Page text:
It’s the end of July, and for the brokerage community, that means one thing: Crain’s publishes its biannual list of Manhattan’s top office leasing deals, using data from CoStar. Though, frankly, publishing the list this annus horribilis—and then writing about the publishing of the list—seems to border on the sadistic.
But hey! It’s our job!
Let’s get the obvious out of the way. CB Richard Ellis, the city’s (and country’s) largest commercial brokerage firm, retained its position atop the heap, representing the tenant or landlord in 22 of the 50 biggest leasing transactions of 2009. As we said, that’s not surprising. Nor should we be surprised that the sum total of all 22 of those leasing transactions was pitifully small—but we were, because apparently we still retain some capacity for shock. Those 22 transactions totaled a mere 1.75 million square feet. This time last year, when CBRE also topped the list, its transactions totaled 4.9 million square feet.
In a market where everybody’s suffering, you find solace where you can.
“We feel great about the results,” said CB Richard Ellis executive managing director Matt Van Buren. “We think in a down market, more so than ever, market share matters.”
If that’s the case, then both Studley and Newmark Knight Frank, both firms specializing in tenant representation, should feel proud.
Studley had three transactions in the top 10 (including the top two), and seven in the top 50, totaling 808,686 square feet. This time last year, it appeared only three times in the list. Studley chairman and CEO Mitch Steir attributed his firm’s impressive showing to its focus on tenant representation (a not-so-subtle jab at some of his competitors, like Cushman & Wakefield and CBRE, which represent both tenants and landlords—sometimes at the same time!).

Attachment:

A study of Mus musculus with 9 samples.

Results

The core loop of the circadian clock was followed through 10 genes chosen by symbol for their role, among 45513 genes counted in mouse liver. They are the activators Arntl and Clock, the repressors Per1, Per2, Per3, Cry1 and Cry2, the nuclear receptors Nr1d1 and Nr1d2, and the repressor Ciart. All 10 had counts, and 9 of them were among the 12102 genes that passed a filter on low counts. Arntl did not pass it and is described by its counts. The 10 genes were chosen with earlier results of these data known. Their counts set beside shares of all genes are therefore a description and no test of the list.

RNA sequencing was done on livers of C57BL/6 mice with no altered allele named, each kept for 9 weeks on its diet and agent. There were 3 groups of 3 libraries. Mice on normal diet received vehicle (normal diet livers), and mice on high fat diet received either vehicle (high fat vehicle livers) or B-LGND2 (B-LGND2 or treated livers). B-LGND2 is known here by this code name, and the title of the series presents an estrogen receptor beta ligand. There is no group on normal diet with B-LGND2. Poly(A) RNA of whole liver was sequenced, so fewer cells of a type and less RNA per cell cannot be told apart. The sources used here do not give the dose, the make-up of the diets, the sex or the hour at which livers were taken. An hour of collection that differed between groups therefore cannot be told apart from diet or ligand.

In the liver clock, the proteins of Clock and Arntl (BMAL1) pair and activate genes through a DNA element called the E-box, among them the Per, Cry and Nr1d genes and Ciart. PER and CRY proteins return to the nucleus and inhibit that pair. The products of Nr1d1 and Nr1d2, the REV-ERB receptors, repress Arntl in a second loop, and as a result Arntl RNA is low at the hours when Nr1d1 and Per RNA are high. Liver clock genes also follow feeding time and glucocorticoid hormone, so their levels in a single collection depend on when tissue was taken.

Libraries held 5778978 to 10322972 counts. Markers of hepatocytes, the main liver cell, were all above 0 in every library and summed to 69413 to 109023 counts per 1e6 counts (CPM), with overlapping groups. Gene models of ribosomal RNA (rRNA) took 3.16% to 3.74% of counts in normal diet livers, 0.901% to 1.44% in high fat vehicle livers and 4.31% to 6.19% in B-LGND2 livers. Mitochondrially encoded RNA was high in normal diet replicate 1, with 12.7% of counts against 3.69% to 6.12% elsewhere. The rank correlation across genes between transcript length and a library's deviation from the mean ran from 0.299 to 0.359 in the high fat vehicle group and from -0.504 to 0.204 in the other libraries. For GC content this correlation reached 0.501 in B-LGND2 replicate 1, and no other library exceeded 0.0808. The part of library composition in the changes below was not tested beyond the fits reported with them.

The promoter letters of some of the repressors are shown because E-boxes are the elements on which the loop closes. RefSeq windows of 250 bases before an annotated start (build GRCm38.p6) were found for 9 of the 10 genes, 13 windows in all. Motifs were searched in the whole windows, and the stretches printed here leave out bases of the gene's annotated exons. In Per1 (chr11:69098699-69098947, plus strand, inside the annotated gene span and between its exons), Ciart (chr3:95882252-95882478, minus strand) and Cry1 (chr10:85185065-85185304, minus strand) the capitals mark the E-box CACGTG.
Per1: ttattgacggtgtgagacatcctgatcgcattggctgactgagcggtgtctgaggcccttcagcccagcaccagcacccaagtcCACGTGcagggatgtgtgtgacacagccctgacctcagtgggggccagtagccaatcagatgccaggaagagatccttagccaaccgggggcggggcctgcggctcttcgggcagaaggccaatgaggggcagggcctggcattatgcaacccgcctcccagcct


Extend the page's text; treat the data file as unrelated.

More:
“We believe that it’s quite difficult to advocate for a tenant zealously when one also has a fiduciary responsibility to a landlord,” Mr. Steir pointed out.
CBRE is the Yankees. C&W is the Boston Red Sox. They’ve been beating each other up for years and years. Along come the Tampa Bay Rays. New team. Getting their legs. You know who went to the World Series last year, don’t you? – Newmark Knight Frank’s Jimmy Kuhn
Newmark Knight Frank tied archrival Cushman & Wakefield in the number of deals it had on the list, appearing on at least one side of the negotiating table in 13 big leases in the top 50, totaling 868,265 square feet. This time last year, Newmark appeared only 11 times in the list. Cushman & Wakefield, also on at least one side of the table with 13 big leases, inched out a slight lead over Newmark in total area leased, with 892,284 square feet.
And while Cushman, like everyone else, saw a marked decline in transactional activity, its drop-off in big leases was not as severe as CBRE’s. Last year this time, Cushman had 1.9 million square feet of leases in the top 50, a decline of 53 percent to CBRE’s 64 percent drop (note: not in total leasing, but in the number of square feet of leases that appeared in the top 50 this time in 2008).
Cushman & Wakefield did not respond to a request for an interview. But Newmark Knight Frank president Jimmy Kuhn described the brokerage hierarchy thusly:
“Let me give you an analogy. You probably won’t use it. Do you follow baseball?”
“Everybody will tell you today that the three best teams in baseball all are in the American League East and nothing matters other than that: the Yankees, the Boston Red Sox and the Tampa Bay Rays. In the real estate world you can talk about the entire country all you want, but the only thing that really matters is New York City. CBRE is the Yankees. C&W is the Boston Red Sox. They’ve been beating each other up for years and years. Along come the Tampa Bay Rays. New team. Getting their legs. You know who went to the World Series last year, don’t you?”
“The Tampa Bay Rays.”
Editor’s note: Mr. Kuhn said “Tampa Bay Buccaneers,” referring to the NFL franchise, and the original version of this story reported that. We believe, however, he was referring to the Tampa Bay Rays of Major League Baseball.